Mark Cappel
UpdatedApr 19, 2024

If my ex-spouse refuses to pay a debt ordered by the court, may I garnish his wages?

I left my ex a year and a half ago and the divorce was final this last February. Almost all of the debt was in my name. I assumed $9K and he was to assume &7K by making me payments. He is not making payments and we do not have kids. Is it possible to garnish his wages?

The most common method used by judgment-creditors to enforce judgments is wage garnishment, in which a judgment creditor contacts the judgment-debtor's employer and requires the employer to deduct a certain portion of wages each pay period and send the money to the creditor.

However, several states, including Texas, Pennsylvania, North Carolina, and South Carolina, do not allow wage garnishment for the enforcement of most judgments. In several other states, such as New Hampshire, wage garnishment is not the "preferred" method of judgment enforcement because, while possible, it is a tedious and time consuming process for creditors. In most states, creditors are allowed to garnish wages between 10% and 25% of your income, with the percentage allowed being determined by each state.

For example, if you live in California, which allows for 25% wage garnishment, and you take home $2,000 per month, a judgment creditor could garnish you at the rate of $500 per month until the debt is paid off. Keep in mind that, generally, only one garnishment is allowed at a time, so if you have several judgments against you, the one who contacted your employer first would be paid first from the garnishment, then the second, and so on. Another important point to remember is that Social Security benefits, pension payments, and many other types of income for the elderly and disabled, are exempt from garnishment, which means that most elderly Americans do not need to fear wage garnishment if they are unable to pay their bills.

The US Dept. of Labor offers several resources explaining wage garnishment rules in general, and Title III, Consumer Credit Protection Act (CCPA), specifically.

Washington Wage Garnishment

Washington's wage garnishment rules can be found in Chapter 6.27 RCW: Garnishment. Under Washington law, the greater of the following two amounts may be garnished per week: a) Thirty times the federal minimum hourly wage; or b) Seventy-five percent of the disposable earnings of the defendant. Wage garnishment rules are different for spousal or child support in Washington, and also take into consideration if a defendant is supporting a child (RCW 6.27.150).

If you reside in another state, see the Wage Garnishment article to learn more.


A judgment is required before a wage garnishment can occur. Consult with an attorney in Washington to determine whether the divorce decree gives you the ability to garnish your ex-spouse's wages, or if a separate hearing is required.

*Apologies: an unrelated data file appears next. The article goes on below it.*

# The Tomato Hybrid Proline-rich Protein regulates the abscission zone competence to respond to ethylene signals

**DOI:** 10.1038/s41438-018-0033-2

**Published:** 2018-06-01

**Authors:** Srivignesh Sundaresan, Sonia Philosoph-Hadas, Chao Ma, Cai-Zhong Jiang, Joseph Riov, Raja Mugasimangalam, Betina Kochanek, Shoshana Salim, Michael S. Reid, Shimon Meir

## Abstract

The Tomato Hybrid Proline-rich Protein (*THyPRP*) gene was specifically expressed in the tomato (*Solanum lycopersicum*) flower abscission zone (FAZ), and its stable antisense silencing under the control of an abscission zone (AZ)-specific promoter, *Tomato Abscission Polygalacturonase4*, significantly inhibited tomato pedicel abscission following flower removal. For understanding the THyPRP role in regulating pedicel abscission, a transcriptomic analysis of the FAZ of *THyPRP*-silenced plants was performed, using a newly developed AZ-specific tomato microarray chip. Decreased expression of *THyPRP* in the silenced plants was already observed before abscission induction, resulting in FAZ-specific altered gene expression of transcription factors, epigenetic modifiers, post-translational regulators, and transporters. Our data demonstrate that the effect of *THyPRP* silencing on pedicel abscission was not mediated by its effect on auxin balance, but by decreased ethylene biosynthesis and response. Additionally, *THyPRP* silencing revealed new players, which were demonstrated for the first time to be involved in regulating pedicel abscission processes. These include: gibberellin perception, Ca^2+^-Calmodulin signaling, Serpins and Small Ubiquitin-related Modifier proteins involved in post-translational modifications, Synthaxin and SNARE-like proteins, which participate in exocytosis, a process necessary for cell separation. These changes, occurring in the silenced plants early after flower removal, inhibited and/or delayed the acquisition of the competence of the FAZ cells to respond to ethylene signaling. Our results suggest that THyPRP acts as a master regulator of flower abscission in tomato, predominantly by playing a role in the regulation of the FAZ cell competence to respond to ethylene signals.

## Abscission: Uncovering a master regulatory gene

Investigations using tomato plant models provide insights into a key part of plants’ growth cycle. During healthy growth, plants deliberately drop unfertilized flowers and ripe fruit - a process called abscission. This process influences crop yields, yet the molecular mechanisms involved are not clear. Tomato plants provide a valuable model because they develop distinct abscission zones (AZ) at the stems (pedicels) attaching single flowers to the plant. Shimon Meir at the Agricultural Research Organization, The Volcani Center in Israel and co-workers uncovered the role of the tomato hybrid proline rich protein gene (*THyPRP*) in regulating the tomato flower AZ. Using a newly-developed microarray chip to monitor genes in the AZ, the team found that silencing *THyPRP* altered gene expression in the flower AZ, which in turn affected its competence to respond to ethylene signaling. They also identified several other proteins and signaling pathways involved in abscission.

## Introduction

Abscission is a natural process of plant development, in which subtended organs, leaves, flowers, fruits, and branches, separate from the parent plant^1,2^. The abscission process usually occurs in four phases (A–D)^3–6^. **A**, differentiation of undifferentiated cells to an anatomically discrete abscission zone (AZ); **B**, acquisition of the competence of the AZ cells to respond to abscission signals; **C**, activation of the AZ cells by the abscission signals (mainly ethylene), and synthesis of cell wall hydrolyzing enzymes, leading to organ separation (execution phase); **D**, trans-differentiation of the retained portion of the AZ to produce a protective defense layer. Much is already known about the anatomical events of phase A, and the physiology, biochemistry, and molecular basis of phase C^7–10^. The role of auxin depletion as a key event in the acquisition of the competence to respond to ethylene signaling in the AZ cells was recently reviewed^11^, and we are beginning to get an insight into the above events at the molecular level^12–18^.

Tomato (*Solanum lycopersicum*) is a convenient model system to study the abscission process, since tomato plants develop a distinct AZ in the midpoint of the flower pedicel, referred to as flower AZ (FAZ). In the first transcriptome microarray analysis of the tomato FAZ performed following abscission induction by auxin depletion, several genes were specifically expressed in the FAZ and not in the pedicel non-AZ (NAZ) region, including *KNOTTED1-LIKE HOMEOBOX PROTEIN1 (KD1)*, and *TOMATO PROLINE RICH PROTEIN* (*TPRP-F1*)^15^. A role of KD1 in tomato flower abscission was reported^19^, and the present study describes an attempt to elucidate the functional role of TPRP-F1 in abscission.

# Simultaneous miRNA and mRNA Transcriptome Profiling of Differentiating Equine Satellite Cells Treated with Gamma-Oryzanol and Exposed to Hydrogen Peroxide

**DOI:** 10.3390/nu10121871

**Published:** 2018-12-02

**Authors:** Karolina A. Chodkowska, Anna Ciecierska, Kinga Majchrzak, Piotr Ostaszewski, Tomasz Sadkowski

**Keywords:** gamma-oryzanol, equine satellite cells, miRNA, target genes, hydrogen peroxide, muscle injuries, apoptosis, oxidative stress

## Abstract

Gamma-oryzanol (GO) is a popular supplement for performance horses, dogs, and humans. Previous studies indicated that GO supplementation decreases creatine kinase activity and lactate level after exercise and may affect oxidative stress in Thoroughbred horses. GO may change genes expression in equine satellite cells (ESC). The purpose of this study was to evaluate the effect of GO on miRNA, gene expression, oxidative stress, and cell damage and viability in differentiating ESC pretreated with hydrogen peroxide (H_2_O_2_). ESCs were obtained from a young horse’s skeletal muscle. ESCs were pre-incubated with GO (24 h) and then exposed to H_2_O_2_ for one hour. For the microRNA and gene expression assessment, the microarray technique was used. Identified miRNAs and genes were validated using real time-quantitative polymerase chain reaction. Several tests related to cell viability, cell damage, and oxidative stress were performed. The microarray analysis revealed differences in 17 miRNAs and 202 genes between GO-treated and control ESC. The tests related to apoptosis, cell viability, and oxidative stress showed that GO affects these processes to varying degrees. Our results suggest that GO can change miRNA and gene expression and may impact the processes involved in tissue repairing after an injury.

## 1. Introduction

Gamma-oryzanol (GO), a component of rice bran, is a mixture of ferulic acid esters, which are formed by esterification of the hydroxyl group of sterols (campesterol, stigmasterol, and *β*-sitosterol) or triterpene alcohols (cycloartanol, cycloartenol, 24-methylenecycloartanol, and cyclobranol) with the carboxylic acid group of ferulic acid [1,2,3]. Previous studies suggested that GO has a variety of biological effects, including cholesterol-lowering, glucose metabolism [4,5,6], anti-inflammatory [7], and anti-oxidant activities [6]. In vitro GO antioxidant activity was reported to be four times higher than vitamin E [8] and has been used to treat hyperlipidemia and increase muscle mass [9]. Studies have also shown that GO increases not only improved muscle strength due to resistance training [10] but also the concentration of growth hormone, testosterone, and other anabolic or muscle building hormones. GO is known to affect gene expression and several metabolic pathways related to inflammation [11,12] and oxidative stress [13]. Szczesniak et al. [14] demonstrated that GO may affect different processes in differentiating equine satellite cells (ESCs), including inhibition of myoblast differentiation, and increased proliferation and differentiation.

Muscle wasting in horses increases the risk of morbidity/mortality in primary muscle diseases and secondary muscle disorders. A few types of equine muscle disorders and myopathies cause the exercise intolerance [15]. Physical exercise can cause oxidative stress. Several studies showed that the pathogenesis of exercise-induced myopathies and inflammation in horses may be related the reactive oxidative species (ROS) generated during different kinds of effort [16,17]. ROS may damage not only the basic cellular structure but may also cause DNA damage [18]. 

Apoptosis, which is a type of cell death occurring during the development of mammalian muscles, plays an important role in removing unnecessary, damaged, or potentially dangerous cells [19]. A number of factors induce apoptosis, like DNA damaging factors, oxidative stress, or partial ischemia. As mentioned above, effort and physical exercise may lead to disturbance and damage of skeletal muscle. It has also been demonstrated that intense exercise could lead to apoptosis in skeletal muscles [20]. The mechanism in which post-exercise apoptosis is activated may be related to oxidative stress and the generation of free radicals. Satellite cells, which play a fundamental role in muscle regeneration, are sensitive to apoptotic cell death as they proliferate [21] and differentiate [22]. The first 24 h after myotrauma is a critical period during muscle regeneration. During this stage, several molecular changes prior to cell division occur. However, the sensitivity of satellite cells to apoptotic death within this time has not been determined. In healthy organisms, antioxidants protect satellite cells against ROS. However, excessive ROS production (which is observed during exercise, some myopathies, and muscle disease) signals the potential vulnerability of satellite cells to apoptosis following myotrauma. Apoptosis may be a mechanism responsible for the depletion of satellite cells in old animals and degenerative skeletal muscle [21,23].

If you are struggling with debt, you are not alone. According to the NY Federal Reserve total household debt as of Quarter Q4 2023 was $17.503 trillion. Student loan debt was $1.601 trillion and credit card debt was $1.129 trillion.

According to data gathered by from a sample of credit reports, about 26% of people in the US have some kind of debt in collections. The median debt in collections is $1,739. Student loans and auto loans are common types of debt. Of people holding student debt, approximately 10% had student loans in collections. The national Auto/Retail debt delinquency rate was 4%.

The amount of debt and debt in collections vary by state. For example, in Wyoming, 24% have any kind of debt in collections and the median debt in collections is $2680. Medical debt is common and 17% have that in collections. The median medical debt in collections is $1515.

To maintain an excellent credit score it is vital to make timely payments. However, there are many circumstances that lead to late payments or debt in collections. The good news is that there are a lot of ways to deal with debt including debt consolidation and debt relief solutions.



BBrittany, Oct, 2011
I owe money to my school and I was informed that they will be sending it to collections soon. I am currently unemployed and I am in a civil union in Washington state. Can they garnish my wife's wages?
BBill, Oct, 2011
I have no training or experience in Washington's family law, and as a consequence I am not competent to offer an observation about Washington's domestic partnership law. The presumption is that debt incurred during a partnership is considered part of the community property, and that debt incurred before the partnership is separate. However, community property law varies by state, and in some states pre-union debt becomes community debt. In other states, it stays separate.

Consult with a Washington lawyer who has family law experience. He or she will be able to tell you how student loan debt liability is handled under Washington law.
BBill, Jun, 2010
If real property is security for loan, it is considered a mortgage. A mortgage taken later in time to another is a second (or third, or fourth) mortgage., Jun, 2010
Is a home equity loan considered a second mortgage?